Popcorn for the Soul
The movies we saw on those stolen Sabbaths probably didn’t stack up to Father Dowling’s homilies —- the Park Theater was no art house, and that suited us prepubescents just fine —- but there was a discipline in this ritual that was as mystical as it was mischievous. Even at a young age, we understood the power of the cinema to transport us to worlds unforeseen, to bring transcendent moments into our lives.
At the movie house, it’s just you and this piece of art, alone together for two hours. How rare is that in this day and age of distraction, of surfing and roaming, of call waiting and picture-in-picture, of never being alone with anything? The medium of film plucks you out of your everyday environment, tells you a story unimpeded by SUV commercials, makes you laugh or cry or both (OK, so there can be some multitasking involved), maybe asks you to suspend some beliefs, and sends you on your way a changed person. Has there ever been a time in American history when our culture has been more in need of existential refreshment?
Just as some people have used entertainment as an escape from the horrors of last September’s terrorist attacks and the retaliation that followed, many are seeking out films that can serve as touchpoints of meaning, of spiritual sustenance. Seeker-cineastes will find many such films out there; themes and images of spirituality and meaning have churned through the history of cinema. Sometimes the result is Cecil B. DeMille splashy: Charlton Heston as a VistaVision Moses in The Ten Commandments. But more often, as with so many things mystical, it is more subtle.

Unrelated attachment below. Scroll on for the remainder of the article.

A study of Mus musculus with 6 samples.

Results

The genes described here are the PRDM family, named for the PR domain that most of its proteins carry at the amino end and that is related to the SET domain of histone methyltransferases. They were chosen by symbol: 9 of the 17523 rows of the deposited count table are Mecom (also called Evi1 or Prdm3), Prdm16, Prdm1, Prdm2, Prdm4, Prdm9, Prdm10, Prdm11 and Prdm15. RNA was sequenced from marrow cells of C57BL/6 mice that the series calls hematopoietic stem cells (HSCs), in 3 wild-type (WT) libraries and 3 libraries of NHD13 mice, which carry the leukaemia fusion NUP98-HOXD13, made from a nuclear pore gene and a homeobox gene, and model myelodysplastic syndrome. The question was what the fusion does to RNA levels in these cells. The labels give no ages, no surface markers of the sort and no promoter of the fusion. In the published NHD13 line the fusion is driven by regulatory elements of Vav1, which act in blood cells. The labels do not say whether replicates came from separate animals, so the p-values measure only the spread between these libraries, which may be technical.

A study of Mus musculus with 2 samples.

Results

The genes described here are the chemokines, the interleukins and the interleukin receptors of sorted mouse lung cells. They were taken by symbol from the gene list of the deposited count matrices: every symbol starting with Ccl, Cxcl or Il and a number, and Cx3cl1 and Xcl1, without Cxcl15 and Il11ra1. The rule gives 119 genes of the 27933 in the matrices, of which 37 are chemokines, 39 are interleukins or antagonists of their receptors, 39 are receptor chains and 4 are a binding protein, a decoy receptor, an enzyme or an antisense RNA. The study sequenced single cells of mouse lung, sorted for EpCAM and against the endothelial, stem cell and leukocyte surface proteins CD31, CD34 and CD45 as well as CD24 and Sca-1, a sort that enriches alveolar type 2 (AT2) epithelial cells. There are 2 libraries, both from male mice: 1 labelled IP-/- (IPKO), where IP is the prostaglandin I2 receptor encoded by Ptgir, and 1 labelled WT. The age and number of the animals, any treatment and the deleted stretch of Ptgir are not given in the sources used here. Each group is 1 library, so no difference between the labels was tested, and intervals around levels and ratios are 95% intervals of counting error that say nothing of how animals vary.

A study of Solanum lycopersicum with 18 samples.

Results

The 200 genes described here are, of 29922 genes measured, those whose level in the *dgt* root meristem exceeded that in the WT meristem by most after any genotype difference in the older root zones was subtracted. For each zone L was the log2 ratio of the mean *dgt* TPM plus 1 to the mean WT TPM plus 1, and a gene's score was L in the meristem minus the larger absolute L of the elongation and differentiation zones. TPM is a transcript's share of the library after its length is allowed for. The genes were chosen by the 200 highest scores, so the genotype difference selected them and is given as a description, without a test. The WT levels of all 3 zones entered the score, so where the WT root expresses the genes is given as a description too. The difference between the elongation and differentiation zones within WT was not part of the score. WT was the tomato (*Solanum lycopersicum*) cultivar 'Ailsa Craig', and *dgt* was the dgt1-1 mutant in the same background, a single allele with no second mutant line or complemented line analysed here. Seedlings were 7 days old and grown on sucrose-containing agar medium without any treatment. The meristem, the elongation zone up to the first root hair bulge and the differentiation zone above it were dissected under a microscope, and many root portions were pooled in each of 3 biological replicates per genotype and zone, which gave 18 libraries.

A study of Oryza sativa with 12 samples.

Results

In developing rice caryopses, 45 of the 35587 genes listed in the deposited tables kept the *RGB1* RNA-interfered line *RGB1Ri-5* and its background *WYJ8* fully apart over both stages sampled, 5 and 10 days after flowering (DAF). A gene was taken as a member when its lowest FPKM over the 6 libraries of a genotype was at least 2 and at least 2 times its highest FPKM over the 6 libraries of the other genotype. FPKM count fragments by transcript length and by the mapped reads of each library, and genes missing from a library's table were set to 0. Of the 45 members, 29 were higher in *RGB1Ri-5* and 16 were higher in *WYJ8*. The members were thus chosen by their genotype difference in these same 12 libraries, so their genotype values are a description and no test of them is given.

What are the best spiritual films? Any such list is bound to arouse controversy . From the vast array of movies that address the spirit either overtly or symbolically, we offer here ten suggested titles — none of which is so esoteric it couldn’t be tracked down at your local video store, or on-line.
Life Is Beautiful. Director: Roberto Benigni, 1997.